PARKERSBURG - Cutting down on drug abuse in the workplace to allow people to be able to thrive was the focus of a conference held in Parkersburg Wednesday for the community.
Around 25-30 businesses and community organizations gathered at the Nemesis Shriners Club on Watson Road in Parkersburg for the Governor's Substance Abuse Round Table Event.
Participants discussed such topics as regional drug trends that impact the workplace; risk analysis; when employers should be worried and when to talk to the employee about it; pre-employment drug testing, random drug testing and when it is necessary; and more.
Photo by Brett Dunlap
During the Governor’s Substance Abuse Round Table Event held Wednesday at the Nemesis Shriners Club in Parkersburg, Karen Schimmel, director of Outpatient Substance Abuse Services at Westbrook, discusses the costs businesses can incur as a result of employees who abuse drugs and alcohol.
Organizers said West Virginia employers are finding it increasingly difficult to find employees who do not test positive for drugs. The Governor's Regional Substance Abuse Task Force is seeking to educate employers and the community about this problem and bring together resources and support.
"The reason we did these meetings with the top employers in the region is as we would travel with the governor's (taskforce) we would hear that there are jobs, but we can't fill them, because folks aren't passing the drug tests or people are not just showing up for work," said Kathy Paxton, director of Substance Abuse Services for the State of West Virginia. "We wanted to be intentional about talking to employers in each region of the state.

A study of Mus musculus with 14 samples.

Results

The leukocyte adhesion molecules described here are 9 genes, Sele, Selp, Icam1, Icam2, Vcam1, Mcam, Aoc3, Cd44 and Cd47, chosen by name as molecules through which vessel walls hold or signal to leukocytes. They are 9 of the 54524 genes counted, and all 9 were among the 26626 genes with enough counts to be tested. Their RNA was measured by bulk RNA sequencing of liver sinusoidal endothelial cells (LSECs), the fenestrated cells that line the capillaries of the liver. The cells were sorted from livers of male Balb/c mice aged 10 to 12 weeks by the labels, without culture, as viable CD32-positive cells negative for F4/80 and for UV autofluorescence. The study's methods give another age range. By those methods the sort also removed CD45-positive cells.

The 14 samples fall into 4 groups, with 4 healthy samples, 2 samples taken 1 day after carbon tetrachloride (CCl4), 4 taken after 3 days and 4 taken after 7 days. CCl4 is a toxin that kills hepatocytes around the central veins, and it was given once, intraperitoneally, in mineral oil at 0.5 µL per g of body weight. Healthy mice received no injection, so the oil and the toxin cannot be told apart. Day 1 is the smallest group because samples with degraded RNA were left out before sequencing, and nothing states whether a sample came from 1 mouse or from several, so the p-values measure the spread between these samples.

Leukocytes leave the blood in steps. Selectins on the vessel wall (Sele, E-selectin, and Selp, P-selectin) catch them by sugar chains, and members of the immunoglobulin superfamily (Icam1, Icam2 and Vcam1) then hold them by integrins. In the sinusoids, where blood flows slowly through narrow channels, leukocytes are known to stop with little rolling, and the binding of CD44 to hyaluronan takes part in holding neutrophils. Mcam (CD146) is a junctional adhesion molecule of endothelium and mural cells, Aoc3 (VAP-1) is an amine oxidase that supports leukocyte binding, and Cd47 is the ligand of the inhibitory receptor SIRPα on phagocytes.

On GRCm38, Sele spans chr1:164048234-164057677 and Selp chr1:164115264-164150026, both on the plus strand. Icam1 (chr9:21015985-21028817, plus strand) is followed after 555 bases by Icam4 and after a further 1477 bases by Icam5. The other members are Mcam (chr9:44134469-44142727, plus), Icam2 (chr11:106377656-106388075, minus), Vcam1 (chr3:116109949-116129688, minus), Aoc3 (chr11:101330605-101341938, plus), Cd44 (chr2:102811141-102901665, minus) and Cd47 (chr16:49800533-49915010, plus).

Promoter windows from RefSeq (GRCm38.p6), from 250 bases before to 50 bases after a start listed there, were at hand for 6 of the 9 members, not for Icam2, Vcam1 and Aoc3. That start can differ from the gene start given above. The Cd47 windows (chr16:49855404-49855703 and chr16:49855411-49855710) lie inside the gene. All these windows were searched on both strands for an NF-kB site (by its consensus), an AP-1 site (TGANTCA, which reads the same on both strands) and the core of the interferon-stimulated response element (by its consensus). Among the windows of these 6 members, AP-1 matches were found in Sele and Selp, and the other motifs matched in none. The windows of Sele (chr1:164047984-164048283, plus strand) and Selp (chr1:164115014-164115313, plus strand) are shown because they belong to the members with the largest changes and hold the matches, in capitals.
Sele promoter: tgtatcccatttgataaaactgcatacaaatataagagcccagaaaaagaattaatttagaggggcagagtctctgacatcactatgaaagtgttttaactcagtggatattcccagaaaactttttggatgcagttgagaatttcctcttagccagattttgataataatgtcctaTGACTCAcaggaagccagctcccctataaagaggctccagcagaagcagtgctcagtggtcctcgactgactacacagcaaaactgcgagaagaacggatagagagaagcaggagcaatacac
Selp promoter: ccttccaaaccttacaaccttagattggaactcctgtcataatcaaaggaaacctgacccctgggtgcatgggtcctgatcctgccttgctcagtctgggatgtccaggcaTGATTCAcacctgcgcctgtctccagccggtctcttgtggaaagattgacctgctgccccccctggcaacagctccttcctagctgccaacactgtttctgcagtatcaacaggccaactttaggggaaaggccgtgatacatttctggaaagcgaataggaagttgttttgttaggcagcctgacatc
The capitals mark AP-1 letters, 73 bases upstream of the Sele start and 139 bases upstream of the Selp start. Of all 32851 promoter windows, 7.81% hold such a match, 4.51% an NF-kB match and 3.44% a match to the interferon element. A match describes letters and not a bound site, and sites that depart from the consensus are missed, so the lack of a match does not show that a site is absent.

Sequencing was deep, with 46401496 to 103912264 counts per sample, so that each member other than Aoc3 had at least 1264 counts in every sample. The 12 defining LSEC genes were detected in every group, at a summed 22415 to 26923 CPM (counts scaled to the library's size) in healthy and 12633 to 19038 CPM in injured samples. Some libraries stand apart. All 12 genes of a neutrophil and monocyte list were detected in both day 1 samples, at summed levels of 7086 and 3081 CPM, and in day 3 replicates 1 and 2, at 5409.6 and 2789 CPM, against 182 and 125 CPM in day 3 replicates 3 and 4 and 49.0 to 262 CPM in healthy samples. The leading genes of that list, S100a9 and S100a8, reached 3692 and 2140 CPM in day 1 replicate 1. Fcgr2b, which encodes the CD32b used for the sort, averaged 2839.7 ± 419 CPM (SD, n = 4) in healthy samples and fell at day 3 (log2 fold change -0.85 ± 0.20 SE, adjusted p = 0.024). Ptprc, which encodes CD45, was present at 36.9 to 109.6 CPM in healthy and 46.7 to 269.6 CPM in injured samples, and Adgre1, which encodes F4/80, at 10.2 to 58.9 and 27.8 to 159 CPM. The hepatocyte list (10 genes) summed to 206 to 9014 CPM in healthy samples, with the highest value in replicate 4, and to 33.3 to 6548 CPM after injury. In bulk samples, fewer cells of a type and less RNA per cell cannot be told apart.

"What we found is that our employers are eager to do whatever they can. We know there has to be a zero-level policy, but we also want people to get help as soon as possible."
Karen Schimmel, director of Outpatient Substance Abuse Services at Westbrook, said employees who are under the influence of drugs and alcohol are less productive, use three times as many sick days, are more likely to injure themselves or someone else; and are five time more likely to file worker's compensation claims.
"Around 70 percent of all illegal drug users are employed," she said. "Drug-related problems are responsible for 36 percent of employee theft.
"Drug reliant employees incur 300 percent higher medical costs. Loss to companies in the United States due to alcohol- and drug-related abuse by employees totals $100 billion per year."
Many company representatives were surprised by the kinds of drugs people are abusing.
"The employers really don't know the drugs and how they are used," Paxton said.
Stimulants, synthetics - K2, Spice and bathsalts - which have come into the area are some of the drugs many have not been sure about.
"There is a misconception in the public and with employers that is it was sold on the shelf it must be kinda safe," Paxton said. "With prescription drugs, if it was once a prescription, even though it was not one of mine, it must be safe.
"I think it is that misconception that gets people to use. Many people just don't understand."
With synthetics, ingredients are used to mask them and the tests don't include some of the materials being used.
Paxton said many employers and organizations are trying to be more preventative with the employee programs that are available, trying to address the problem before the person hits rock bottom.
"More employers are drug testing," she said. "They understand it is a health and safety issue.
"It is a good way to get someone into treatment. People want to work and want to take care of their families. It is a great time to intervene at that place of employment."
Many businesses and organization have a drug policy, but many don't have the culture to effectively implement it.
"Instead of it being a piece of paper that you are given at orientation and sign, we want companies to spend time putting things on the walls for people to read and make sure they are getting ongoing education," Paxton said.